Pratt Seeks More Export Markets for F-35 Fighter Jet Engineby and
Engine maker expands maintenance hubs to support export push
Pratt aims to offset costs of U.S.’s most expensive fighter
Pratt & Whitney is looking to add 12 new customers for its engine for Lockheed Martin Corp.’s F-35 attack plane to boost sales and offset the high cost of the Pentagon’s most expensive fighter-jet program.
Pratt is looking to replicate the success of the earlier F100 engine, which is used to power both F-15 and F-16 war planes and was sold to 23 nations, Bennett Croswell, president of military engines, said in an interview. The F-35, which will do a flyover at the Farnborough International Air Show near London this week as part of its European debut, has so far been sold to 11 countries.
The F135 engine, which is finishing its development stage this month, will meet all but a “handful” of the Pentagon’s 26,000 capability requirements, Croswell said.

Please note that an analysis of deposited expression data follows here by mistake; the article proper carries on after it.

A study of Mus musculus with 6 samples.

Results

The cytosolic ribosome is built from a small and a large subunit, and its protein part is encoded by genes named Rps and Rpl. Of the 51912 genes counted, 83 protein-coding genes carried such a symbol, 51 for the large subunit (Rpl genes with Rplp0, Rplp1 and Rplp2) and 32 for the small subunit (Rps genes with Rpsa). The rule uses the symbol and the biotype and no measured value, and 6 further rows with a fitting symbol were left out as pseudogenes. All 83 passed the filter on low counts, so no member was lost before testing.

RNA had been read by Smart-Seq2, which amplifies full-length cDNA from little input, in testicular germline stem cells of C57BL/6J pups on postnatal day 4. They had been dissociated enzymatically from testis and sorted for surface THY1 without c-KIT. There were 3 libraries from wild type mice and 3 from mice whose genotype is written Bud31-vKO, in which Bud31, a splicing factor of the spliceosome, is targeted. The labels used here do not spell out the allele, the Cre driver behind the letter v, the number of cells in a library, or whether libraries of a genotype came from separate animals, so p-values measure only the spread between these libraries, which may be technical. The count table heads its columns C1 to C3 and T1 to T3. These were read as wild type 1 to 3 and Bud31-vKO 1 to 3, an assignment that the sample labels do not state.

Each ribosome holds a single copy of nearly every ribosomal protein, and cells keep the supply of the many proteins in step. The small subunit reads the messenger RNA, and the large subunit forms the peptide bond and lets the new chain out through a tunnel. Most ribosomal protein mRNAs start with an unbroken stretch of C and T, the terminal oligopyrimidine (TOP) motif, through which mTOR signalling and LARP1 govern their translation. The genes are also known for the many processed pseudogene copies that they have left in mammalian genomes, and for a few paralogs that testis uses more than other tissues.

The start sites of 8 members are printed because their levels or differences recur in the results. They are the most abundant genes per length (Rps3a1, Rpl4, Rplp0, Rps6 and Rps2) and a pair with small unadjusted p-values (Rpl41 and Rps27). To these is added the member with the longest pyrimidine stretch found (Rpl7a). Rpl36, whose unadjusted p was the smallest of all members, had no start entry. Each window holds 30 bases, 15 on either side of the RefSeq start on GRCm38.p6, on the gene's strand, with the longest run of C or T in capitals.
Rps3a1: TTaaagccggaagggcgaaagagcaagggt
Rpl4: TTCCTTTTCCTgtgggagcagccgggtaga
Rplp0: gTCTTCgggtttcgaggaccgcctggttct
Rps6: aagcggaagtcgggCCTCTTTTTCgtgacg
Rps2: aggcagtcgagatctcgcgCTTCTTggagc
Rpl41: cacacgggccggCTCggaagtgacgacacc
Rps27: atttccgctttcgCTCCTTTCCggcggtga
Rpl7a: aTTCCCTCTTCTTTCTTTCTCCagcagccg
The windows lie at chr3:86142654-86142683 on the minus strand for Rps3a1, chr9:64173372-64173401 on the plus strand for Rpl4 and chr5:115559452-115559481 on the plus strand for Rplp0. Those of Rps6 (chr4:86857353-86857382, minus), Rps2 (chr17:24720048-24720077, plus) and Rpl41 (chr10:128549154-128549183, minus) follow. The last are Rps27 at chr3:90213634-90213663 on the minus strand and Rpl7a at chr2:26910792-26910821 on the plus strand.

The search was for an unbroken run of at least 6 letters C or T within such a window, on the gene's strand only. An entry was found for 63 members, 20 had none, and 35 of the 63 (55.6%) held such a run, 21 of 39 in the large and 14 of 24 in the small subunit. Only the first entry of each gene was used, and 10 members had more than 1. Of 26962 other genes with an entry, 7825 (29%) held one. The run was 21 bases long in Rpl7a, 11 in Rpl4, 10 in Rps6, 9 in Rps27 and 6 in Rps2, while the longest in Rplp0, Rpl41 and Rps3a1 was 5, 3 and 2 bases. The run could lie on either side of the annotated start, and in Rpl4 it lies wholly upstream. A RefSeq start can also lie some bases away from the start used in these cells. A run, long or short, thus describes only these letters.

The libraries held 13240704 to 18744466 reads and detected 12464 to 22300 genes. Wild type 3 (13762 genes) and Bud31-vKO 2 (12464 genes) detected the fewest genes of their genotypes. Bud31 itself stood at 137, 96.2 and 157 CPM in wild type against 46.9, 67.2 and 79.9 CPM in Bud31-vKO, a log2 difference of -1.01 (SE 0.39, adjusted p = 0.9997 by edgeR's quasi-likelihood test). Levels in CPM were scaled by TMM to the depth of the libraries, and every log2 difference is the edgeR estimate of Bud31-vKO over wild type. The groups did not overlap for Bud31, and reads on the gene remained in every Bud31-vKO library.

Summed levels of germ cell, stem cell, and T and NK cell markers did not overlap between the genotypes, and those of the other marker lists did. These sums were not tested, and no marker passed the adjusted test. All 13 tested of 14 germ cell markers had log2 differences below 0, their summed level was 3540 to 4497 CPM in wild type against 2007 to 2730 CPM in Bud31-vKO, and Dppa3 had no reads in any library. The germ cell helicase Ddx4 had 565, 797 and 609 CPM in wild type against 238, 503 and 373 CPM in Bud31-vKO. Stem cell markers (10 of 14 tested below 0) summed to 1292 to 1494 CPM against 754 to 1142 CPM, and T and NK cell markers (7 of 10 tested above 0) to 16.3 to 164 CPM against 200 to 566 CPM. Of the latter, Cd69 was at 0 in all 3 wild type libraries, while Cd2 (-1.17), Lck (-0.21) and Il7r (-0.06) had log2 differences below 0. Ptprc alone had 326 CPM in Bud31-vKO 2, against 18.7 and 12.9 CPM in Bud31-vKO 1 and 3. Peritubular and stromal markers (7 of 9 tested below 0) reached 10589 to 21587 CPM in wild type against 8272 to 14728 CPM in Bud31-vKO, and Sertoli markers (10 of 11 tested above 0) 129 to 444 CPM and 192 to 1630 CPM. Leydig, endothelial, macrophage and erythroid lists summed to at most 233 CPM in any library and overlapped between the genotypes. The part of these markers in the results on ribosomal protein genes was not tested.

Pratt, a unit of United Technologies Corp., is now looking to establish maintenance hubs in Turkey, Australia, Japan, Norway and the Netherlands to support export opportunities for the aircraft. Pratt is due to deliver 88 engines this year, more than twice last year’s tally, with production volumes again doubling in 2018. The target is to make between 180 to 200 engines a year by 2020.
Pratt, which was awarded a $1.5 billion deal from the U.S. military last week covering 99 engines, is now preparing its proposal for a block of orders due in September. Approval will likely take 12 to 18 months, Croswell said.